Financial advisors have many ways to manage retirement income for their clients. The key to any income withdrawal strategy is to adjust withdrawals based on portfolio value and inflation.
The benefit of this strategy is that it enables clients to spend a larger amount of their portfolio and reduce their chances of running out of money.
Wade Pfau recently wrote a review of withdrawal-based strategies in his article, New Research on How Much Clients Can Spend in Retirement, published on November 19, 2013 on Advisors Perspectives.
In his review, Pfau cites authors from the Journal of Financial Planning, specifically Jonathan Guyton and William Klinger from issues in October 2004 and March 2006, and Larry Frank, John Mitchell and David Blanchett from issues in April 2009, June 2010, November 2011, March 2012 and December 2012.
Pfau’s work focuses on the probability of an individual running out of money. From this perspective, his analysis provides a starting point for financial advisors to initiate a conversation with their clients on potential shortfalls of income and how to build a strategy that may withstand unexpected inflation and stock market declines.
He also cites work by Blanchett, Kowara and Chen in using mortality updating constant probability of failure (MUCPoF) to help financial planners reduce or increase a client’s withdrawals based on a person’s likelihood of dying as well as their portfolio value. MUCPoF adjusts withdrawals each year based on the value of the portfolio and the life expectancy of an individual.
Applying the Three-Dimensional Rule to Financially Prepare for Retirement
Retirement is a time full of changes. As a result, Pfau recommends financial planners use a three-dimensional rule that updates the probability of death. Specifically, he recommends following Frank, Mitchell and Blanchett’s rule of using a dynamic measure of life expectancy. The three-dimensional view includes basing annual withdrawal decisions on age, market returns and asset allocation.
Authors Frank, Mitchell and Blanchett recommend that clients reduce withdrawals once the probability of running out of money is equivalent or greater than 30%. The alternative is that individuals will be FORCED to reduce their income in the future by much larger amounts.
Improving Withdrawal Strategies with Decision Rules
In his review of withdrawal-based strategies, Pfau also cites author Guyton’s four decision rules that include portfolio management, withdrawal rule, capital preservation and prosperity. By applying these rules, a financial advisor can increase the initial withdrawal amount and decrease the likelihood of a client running out of money throughout retirement.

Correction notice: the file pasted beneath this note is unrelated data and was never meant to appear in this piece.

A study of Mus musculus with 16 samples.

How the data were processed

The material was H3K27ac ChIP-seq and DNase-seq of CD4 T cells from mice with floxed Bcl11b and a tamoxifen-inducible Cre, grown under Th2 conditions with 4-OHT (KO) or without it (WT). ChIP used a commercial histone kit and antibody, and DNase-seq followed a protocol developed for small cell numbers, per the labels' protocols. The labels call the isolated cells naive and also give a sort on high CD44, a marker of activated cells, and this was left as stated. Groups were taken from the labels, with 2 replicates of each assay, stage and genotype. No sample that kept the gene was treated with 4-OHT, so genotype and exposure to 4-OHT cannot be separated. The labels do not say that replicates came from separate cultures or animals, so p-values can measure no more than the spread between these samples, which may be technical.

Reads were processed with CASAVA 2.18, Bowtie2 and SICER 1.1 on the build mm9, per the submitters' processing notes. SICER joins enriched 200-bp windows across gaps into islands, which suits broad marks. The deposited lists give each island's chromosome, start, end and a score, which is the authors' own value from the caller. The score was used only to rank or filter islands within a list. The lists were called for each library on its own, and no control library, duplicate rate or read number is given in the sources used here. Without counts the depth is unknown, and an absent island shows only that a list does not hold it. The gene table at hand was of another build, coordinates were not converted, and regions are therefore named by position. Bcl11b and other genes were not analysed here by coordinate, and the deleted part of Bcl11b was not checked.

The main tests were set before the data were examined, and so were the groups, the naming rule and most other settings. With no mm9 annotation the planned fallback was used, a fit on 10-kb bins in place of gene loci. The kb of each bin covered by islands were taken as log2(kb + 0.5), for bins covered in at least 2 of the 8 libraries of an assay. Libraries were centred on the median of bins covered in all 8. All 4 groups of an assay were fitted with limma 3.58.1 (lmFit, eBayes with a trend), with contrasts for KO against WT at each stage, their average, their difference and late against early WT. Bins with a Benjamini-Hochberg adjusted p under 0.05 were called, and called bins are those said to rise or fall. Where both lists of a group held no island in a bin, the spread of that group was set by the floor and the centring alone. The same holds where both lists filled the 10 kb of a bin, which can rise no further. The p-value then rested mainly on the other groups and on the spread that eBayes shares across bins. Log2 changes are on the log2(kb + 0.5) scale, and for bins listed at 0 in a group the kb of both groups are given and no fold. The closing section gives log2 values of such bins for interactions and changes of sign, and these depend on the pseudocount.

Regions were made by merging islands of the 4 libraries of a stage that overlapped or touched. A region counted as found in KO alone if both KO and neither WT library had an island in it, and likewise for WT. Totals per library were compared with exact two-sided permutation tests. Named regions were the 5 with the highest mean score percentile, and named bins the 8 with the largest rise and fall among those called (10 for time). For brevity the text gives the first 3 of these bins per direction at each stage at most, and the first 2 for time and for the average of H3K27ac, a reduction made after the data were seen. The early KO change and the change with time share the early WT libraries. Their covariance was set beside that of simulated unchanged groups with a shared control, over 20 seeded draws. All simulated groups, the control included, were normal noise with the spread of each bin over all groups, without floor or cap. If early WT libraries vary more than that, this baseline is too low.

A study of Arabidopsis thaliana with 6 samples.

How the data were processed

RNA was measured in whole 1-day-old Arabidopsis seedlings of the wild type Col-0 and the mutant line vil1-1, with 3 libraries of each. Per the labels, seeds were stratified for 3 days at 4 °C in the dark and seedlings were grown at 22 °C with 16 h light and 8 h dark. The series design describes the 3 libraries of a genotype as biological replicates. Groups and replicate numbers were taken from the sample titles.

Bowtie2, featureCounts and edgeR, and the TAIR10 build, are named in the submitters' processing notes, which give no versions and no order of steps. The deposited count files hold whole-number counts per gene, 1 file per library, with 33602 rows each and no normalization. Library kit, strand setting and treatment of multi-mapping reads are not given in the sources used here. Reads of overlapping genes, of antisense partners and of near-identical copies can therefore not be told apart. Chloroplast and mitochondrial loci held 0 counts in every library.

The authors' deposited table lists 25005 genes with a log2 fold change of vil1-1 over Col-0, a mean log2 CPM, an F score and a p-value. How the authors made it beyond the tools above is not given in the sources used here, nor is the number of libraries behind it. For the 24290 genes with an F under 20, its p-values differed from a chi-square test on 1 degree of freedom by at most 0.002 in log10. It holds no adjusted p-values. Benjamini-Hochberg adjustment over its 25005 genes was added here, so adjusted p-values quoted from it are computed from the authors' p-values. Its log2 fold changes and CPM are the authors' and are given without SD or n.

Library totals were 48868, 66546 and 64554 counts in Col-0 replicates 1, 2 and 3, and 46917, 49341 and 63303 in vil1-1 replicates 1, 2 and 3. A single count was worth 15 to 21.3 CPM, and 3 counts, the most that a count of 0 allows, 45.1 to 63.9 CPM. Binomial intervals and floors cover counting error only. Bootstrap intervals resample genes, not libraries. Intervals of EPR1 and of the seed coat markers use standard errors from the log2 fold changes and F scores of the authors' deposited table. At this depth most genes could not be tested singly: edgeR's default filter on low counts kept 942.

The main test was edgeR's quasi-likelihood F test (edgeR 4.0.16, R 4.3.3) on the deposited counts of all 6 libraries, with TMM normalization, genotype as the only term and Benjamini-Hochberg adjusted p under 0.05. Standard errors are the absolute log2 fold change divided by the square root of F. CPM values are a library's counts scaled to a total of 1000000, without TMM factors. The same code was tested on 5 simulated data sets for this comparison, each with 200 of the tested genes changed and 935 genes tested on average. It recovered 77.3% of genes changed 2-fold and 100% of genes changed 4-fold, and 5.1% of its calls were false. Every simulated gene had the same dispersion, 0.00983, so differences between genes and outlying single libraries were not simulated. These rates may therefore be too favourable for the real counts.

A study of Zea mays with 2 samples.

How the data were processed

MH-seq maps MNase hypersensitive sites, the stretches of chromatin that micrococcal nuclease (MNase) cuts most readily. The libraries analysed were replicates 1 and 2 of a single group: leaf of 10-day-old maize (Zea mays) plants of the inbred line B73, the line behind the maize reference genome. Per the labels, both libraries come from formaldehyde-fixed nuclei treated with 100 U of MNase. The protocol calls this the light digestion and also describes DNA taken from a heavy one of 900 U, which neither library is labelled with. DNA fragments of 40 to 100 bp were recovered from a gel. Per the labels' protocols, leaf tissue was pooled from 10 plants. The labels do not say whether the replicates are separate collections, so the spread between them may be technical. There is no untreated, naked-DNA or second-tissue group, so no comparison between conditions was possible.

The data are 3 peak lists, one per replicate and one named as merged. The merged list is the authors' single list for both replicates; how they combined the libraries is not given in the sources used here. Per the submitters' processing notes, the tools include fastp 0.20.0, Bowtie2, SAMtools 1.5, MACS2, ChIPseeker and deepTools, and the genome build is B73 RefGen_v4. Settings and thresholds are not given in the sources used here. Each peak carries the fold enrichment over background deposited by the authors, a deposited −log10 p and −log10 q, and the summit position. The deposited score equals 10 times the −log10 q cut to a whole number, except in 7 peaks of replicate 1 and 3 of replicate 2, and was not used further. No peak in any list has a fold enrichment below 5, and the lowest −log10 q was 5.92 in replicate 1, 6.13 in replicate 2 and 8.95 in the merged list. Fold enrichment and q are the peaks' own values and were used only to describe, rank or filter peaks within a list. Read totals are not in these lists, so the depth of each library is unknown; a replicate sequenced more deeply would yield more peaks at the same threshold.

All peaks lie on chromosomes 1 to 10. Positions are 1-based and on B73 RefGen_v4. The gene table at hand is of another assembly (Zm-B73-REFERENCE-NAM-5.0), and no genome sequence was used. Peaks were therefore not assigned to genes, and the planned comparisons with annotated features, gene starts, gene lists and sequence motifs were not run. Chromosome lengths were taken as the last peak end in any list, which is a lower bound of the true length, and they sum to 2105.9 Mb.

The four decision rules are:
- Portfolio Management – Take withdrawals from areas with the greatest growth from the year before, and move excess amounts into cash reserves.
- Withdrawal Rule – Increase the withdrawal by the amount of inflation from the previous year unless the previous year’s portfolio return was negative.
- Capital Preservation Rule- If an annual withdrawal is 20% above the initial withdrawal, spending should be reduced by 10%. This rule is skipped if a client is within 15 years of their maximum planning age.
- Prosperity Rule – If the withdrawal rate has fallen by 20% or more; spending is increased by 10%.
Along with an annual dynamic approach to life expectancy, each of these rules can improve a client’s withdrawal strategy, although none of the rules account for higher or lower levels in the valuation of the stock market. Pfau notes that the rules can be difficult to implement and that such strategies may only be beneficial to those following strict budgeting techniques. For individuals unwilling to change spending habits, annuities and bond ladders may make more sense.
Additionally, one might see the probabilities of failure change not due to age but rather to stock valuations. Consequently, a direct rule based on stock valuations may be beneficial.
While the advancements in withdrawal strategies are beneficial, Pfau cites that the rules can be difficult to implement and that such strategies would only be beneficial to those following strict budgeting techniques. For individuals unwilling to change spending habits, annuities and bond ladders may make more sense.
Often times, financial advisors pursue a strategy of consistent withdrawals adjusted for increasing inflation. This happens until an individual can no longer sustain these withdrawals. To improve the possibility of not running out of money, financial advisors can make adjustments to withdrawal strategies that increase the amount left in their client’s retirement fund and reduce the chance that they will run out of money.